England Cricket

England vs. Sri Lanka T20: New Era, New Coach, Same Old Flaws

Michael Carberry, left, drops a catch beside his captain Eoin Morgan off the batting of Sri Lanka's Nuwan Kulasekara during the Twenty20 cricket match between England and Sri Lanka at the Oval cricket ground in London, Tuesday, May 20, 2014.  (AP Photo/Matt Dunham)
Matt Dunham/Associated Press
Mark PattersonUK Staff WriterMay 20, 2014

England, on the scorecard alone, might look at the nine-run defeat to Sri Lanka in their T20 clash at The Oval and think that they were not far away from the world champions. 

That would be a mistake.

They were comprehensively outclassed by a team that has lost the experience and class of Kumar Sangakkara, Mahela Jayawardene—in this format at least—since they won the trophy in Bangladesh.

Their WT20-winning coach, Paul Farbrace, was now also in the other corner, the assistant to Peter Moores as England's new era faced its first test against a full ICC member.

To cap it all, England had the benefit of home conditions.

And still, as the WASP tracker Sky Sports have implemented to their coverage hinted, they were always a distant second in the two-horse race.

Whether it was Moores or former incumbent Ashley Giles in charge scarcely seemed to matter. The same selection fallacies recurred, the same slackness remained in the field.

If you were to look at a single moment that cost England the game, you might point the finger at Michael Carberry dropping a steepling catch and allowing Thisara Perera to go on to a 20-ball 49.

But the bigger question is what was he doing there at all?

Carberry's England career looked over this winter, and his outburst against then-coach Giles in the spring suggested he himself thought his time was up. Instead, despite scoring just four in his one T20 since that tour, he has found himself called up for an international debut in the format.

It's a bizarre call—and that's before you allow yourself to think about the parallels between Carberry's eruption and the treatment Kevin Pietersen received this winter.

Matt Dunham/Associated Press

If Carberry's appearance didn't add up, neither did Ian Bell's. He made his T20I debut almost eight years ago and has now amassed eight caps with no obvious evidence that he will ever flourish in the format.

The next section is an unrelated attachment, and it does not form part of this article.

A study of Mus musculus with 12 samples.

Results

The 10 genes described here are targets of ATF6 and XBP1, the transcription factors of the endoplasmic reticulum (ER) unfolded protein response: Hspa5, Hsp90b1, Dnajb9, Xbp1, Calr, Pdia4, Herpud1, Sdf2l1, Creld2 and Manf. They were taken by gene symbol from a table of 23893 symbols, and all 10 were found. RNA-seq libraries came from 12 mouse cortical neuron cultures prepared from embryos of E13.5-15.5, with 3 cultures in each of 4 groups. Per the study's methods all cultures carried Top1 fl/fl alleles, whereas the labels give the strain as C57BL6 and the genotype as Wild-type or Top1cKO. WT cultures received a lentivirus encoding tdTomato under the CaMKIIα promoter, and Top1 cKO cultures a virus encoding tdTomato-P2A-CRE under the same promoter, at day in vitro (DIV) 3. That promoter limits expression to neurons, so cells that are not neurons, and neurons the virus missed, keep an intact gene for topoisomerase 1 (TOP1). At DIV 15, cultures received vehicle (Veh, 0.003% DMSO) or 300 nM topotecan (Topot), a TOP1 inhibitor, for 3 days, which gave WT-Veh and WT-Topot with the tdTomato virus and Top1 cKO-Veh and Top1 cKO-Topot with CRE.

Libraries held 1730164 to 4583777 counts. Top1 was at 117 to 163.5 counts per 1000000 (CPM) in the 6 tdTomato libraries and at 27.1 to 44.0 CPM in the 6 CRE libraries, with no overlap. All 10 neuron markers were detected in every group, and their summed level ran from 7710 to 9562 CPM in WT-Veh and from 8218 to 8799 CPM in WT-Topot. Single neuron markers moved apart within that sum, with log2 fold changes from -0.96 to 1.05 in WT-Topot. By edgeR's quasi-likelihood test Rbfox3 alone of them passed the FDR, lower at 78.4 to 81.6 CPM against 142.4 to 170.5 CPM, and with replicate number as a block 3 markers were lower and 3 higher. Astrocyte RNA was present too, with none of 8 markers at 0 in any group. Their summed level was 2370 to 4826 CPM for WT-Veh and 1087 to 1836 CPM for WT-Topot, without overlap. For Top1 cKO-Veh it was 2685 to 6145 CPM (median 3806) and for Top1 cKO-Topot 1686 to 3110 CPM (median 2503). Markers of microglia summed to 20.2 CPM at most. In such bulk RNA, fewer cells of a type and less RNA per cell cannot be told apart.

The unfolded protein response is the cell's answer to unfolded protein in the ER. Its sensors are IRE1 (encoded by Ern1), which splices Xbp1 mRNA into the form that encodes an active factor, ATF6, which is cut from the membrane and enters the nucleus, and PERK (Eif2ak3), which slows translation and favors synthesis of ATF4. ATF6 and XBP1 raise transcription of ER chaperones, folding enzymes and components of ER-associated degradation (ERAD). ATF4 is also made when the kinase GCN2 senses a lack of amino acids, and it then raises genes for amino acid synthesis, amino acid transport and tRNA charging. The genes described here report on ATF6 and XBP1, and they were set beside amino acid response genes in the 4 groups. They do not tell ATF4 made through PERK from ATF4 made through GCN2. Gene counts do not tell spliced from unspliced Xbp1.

Bell has all the shots, but it has never—neither at international nor domestic level, where his strike rate is 113.95 from 44 innings—translated into him being a top T20I player. 

His ponderous score of 13 batting at number three helped ensure England's chase was over before it ever really began.

England have power-hitting and explosive players, they just appear to be held back for a time when the game has already slipped out of their hands.

LONDON, ENGLAND - MAY 20:  Ravi Bopara of England hits out during NatWest T20 International match between England and Sri Lanka at The Kia Oval on May 20, 2014 in London, England.  (Photo by Tom Shaw/Getty Images)
Tom Shaw/Getty Images

Ravi Bopara may play an all-rounder's role, but that does not mean he should be batting at number seven. He, Jos Buttler and Eoin Morgan, are all batting at least one place—possibly two—too low.

In a scheduling quirk, one that perhaps reflect that this is the first international series after the WT20, there is just a solitary T20I between the two sides before the ODIs begin. In one sense, that should bring relief for England, whose record in recent times is ugly.

But as England go into that series without Alex Hales, who top-scored on Tuesday night with a combination of patient play followed by clean and powerful hitting, there's every chance that writers during the one-day internationals will be left to again question those same gaps in selection logic.

Moores needs time to impose his vision, but he should also understand that he comes into the role, despite Giles Clarke's denials, at a low ebb.

Cricket fans have, judging by social media, rarely been more disconnected from the England team than they are at present. The players have been underperforming. Many figures behind England's most successful period have retired or disappeared from the reckoning.

There's more than enough for the team to be working on without them hamstringing themselves before the first ball is bowled.